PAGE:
Antenna Basics

Over 2600 years ago (and likely well before that) the ancient Greeks discovered that a piece of amber rubbed on a piece of fur would attract lightweight objects like feathers. Around the same time, the ancients discovered lodestone, which are pieces of magnetised rock.

It took a few hundred years more to determine that there are two different properties of attraction and repulsion (magnetic and electric): likes repel and opposites attract. Another 2000 years passed before scientists first discovered that these two entirely different novelties of nature were inextricably linked.

In the early nineteenth-century, Hans Christen Oersted placed a wire perpendicular to a compass needle and saw nothing. But when he rotated the wire parallel to the compass needle and passed a current through the wire, it deflected in one direction. When he passed the current through the wire in the opposite direction, the compass needle deflected in the opposite direction.

A current carrying wire perpendicular to a compass needle causes no movement.

This wire was the first antenna transmitter and the compass needle the first receiver. The scientists just did not know it at the time.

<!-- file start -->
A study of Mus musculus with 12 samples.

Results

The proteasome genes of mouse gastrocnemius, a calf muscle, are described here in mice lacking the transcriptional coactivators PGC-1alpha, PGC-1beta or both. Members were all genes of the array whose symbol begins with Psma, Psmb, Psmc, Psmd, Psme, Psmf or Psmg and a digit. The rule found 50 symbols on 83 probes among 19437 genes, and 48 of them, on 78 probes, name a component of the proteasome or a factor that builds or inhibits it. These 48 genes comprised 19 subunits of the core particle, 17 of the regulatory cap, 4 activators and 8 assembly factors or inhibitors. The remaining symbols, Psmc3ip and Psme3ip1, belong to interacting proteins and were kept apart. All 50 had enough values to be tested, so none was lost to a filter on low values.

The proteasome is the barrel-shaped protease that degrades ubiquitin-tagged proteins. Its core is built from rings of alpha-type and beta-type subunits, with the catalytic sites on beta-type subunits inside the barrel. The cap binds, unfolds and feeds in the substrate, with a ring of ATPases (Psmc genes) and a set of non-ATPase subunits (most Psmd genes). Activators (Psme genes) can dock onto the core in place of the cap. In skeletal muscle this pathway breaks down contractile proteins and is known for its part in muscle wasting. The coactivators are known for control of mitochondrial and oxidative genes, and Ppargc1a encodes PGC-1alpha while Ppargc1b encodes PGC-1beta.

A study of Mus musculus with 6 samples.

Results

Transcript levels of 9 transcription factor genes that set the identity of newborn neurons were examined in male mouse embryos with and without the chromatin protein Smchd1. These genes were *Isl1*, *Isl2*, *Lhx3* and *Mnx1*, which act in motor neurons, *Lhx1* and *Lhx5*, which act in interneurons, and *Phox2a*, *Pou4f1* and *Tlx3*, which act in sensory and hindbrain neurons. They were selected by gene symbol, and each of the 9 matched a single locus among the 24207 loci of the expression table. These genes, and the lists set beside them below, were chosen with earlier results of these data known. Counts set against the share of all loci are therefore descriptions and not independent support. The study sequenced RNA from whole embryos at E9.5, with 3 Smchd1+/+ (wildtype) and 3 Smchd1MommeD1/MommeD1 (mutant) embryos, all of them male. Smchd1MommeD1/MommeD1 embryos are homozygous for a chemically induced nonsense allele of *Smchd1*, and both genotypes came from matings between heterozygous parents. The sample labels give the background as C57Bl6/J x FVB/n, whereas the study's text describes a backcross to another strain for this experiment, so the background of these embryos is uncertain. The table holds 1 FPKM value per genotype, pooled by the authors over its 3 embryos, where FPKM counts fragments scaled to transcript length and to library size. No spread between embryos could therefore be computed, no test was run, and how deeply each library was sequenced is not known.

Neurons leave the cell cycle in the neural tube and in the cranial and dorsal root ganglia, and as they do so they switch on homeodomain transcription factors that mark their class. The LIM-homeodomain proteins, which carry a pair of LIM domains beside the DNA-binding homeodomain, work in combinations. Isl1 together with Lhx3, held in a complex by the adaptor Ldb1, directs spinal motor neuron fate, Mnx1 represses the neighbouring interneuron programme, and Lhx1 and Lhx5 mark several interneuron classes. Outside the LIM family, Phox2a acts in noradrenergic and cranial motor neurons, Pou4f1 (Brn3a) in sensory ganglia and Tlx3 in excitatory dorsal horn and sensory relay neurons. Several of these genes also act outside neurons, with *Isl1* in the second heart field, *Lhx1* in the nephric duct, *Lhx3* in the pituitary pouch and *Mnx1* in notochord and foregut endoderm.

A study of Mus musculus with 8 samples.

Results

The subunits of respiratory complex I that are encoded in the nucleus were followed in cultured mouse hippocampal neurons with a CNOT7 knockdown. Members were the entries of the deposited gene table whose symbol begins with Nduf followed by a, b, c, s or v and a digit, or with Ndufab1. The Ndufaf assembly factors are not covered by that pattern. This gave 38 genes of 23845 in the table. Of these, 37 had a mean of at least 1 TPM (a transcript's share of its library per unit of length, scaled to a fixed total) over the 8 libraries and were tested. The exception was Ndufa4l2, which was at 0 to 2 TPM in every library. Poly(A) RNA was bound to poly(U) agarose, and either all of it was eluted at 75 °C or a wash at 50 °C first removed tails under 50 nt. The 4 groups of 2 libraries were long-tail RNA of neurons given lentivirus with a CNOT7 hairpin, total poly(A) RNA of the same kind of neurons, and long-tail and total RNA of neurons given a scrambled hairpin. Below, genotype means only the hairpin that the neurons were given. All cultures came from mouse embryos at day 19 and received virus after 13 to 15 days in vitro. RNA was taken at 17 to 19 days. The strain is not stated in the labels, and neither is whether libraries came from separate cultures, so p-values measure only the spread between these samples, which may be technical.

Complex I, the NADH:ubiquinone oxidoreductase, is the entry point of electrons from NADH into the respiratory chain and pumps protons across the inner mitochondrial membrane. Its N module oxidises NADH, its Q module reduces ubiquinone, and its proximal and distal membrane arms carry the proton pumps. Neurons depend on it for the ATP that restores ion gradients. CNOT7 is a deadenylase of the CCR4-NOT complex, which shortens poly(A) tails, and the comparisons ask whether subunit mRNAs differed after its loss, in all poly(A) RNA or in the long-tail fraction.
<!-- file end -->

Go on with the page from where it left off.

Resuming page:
While not terribly elegant, it provided a clue about the way the universe worked—that charges moving through a wire create a magnetic field that is perpendicular to the wire.  (Scientists soon learned the field surrounding a wire is circular, not perpendicular.)

With this information, scientists were able to describe the ways in which electric fields and magnetic fields interact with electric charges and formed a basis of an understanding of electromagnetism.

Shortly after, Nikola Tesla wirelessly lit lamps in his workshop, demonstrated the first remote-control toy boat, and established the alternating-current system we use to transfer electricity throughout the world today.

Less than a full century after Orstead’s experiment, Guglielmo Marconi devised a way to send the first wireless telegraph signals across the Atlantic.

And here we stand, a full two centuries after that first compass experiment, able to capture images from distant planets and send them through the vastness of space to a device we can hold in the palm of our hand—all with antennas.